Keeping up with, well...everybody
During the past year or so, Amanda and I have had several conversations about the pace at which we work. We operate in a deadline-driven business; that will never change. But what has changed are our clients’ expectations. The newsletter that was once scheduled on a two-week production cycle is now due to the printer in a week or less. The copy for a good-sized report arrives to us a week late (or two), but still needs to be in the hands of policymakers before a critical vote. We pride ourselves on being able to produce good work, in little time and on tight schedules, but it seems that this crunch has become the norm. This is in no way an indictment of our clients. These changes feel more like a social shift. We are all expected to work more and faster in order to fulfill the responsibilties of our jobs. Duh! Like this is news to anyone.
As for me, I run a small business that depends on meeting crazy demands. And I find a certain freedom in knowing that I can finish projects in the wee hours that I couldn’t get to in the daylight. It is the price I pay for the many benefits of having a small, home-based business. But what’s your excuse? Most of you work in small- to mid-sized nonprofits. Why the heck are you highly skilled, underpaid people answering my emails at midnight, 1 am, or even 2 am? Turn off your computers. Go to bed.
As I sit here writing on this day of rest — the day after Thanksgiving — I invite us all to stop for a moment to consider what is in our power to change. Of course, you are probably reading this at work and just see this as an annoyance that will result in your getting out of work five minutes later. To you I say, “Sorry. And take a deep breath.”
Speaking of time
When I began this newsletter and wrote the number “50” in the upper right corner, I took a certain pride in my accomplishment. Frankly, it seems impossible that nearly five years have passed since I starting writing this (almost) monthly newsletter. I enjoy writing to you and many of you have voiced your continued interest in reading my offerings. It makes me feel more connected to you. But more than that, I like to think that it connects you all to each other in a small way. Getting a glimpse into some of the other projects we help produce, I hope, helps make you feel like a member of a larger community of “communicators.” If you are taking the time to read this, you are probably a member of this loose tribe.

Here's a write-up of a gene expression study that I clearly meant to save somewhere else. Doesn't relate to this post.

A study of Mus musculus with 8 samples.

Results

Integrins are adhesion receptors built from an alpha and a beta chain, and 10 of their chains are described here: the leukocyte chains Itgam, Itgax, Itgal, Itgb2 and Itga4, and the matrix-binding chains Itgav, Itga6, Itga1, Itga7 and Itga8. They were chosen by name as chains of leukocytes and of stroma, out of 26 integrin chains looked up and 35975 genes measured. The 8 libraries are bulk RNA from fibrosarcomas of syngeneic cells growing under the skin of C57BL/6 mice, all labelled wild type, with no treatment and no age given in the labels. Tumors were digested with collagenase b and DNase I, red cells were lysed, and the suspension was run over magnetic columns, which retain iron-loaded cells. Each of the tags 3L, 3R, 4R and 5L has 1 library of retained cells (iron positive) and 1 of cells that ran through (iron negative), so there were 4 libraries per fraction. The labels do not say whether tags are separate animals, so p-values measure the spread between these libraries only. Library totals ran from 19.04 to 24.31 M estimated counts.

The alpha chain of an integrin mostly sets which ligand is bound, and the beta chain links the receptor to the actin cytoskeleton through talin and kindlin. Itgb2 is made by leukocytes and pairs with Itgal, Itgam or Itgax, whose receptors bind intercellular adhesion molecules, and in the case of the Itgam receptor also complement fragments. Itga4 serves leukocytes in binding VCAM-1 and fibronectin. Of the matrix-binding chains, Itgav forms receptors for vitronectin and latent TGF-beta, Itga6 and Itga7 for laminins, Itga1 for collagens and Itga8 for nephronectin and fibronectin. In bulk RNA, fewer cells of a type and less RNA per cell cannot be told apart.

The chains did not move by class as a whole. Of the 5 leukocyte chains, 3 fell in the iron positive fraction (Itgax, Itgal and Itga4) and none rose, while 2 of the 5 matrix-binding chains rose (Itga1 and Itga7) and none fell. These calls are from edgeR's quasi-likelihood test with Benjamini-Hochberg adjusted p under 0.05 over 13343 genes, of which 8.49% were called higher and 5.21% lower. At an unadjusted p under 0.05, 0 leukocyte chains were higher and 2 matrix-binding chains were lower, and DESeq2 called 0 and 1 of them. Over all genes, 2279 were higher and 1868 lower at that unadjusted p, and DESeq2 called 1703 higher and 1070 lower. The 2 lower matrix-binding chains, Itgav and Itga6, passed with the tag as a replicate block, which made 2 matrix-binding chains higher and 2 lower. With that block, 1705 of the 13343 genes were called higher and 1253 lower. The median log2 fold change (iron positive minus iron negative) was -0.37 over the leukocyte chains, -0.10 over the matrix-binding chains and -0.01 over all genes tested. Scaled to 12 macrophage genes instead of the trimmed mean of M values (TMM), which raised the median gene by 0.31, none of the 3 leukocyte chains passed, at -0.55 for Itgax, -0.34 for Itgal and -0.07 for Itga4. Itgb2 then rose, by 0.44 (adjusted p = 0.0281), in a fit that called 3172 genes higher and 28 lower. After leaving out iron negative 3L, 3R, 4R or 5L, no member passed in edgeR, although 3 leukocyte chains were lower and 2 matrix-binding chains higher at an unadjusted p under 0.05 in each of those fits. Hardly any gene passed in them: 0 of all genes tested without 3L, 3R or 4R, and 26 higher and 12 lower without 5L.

When you have a moment, if you are interested, it might be fun to poke around through a few of the previous 49 issues. You’ll see you are in good company. Just click here to view back issues.
The real costs of production
The Lowell Center for Sustainable Production promotes the “crazy” idea that we should consider ALL the costs of production when contemplating a product’s viability. It is rare for a company (or government) to consider a multitude of hidden costs — costs that we as consumers end up paying in the forms of taxes, personal health, the health of future generations, and our planet’s long-term ability to support life.
The Sustainable Products Project helps make real the possiblity of taking these hidden costs into consideration as a prerequisite for doing business. The “Framework” report helps individuals, business leaders, and policymakers make better choices to that end. From the report:
”The Sustainable Products Project of the Lowell Center promotes the sustainable design and development of safer, healthier, and greener products through engaging stakeholders, conducting research and providing information that can spark innovative, environmentally sound solutions. The Lowell Center Framework for Sustainable Products is a tool to help evaluate the environmental, social, and economic impacts of existing products and to design new products that minimize these impacts. This analysis includes the people who make the product and those who handle it at its end of life, as well as the communities and ecosystems that are affected by the product through its production, consumption, and disposal. By defining the key elements of a sustainable product, the Framework helps companies develop a broader vision of what a sustainable product encompasses, identify opportunities for improvement, and assess progress in meeting that vision.”
To view the report, visit the Lowell Center for Sustainable Production website at www.sustainableproduction.org.
Those of you with a keen eye will have noticed that I added a new button to the navigation of my website — “Recent Projects.” Regular readers of the DG Communicator will see some of the same projects that have been featured here. But I also hope to spotlight a variety of clients and projects that don’t usually make it into the newsletter. Click on the link to view the current Recent Projects page.
I have also added several new websites on the Web Design page. These include: Friends of the American Board Schools in Turkey, Razia’s Ray of Hope Foundation, Environmental Health Fund, Communities for Restorative Justice, and Designlights Consortium. Click on the link to view the Web Design page.
The Testimonials page has also been updated to include some of you for whom I have been doing a bigger volume of work as of late. Click on the link to view the updated Testimonials page.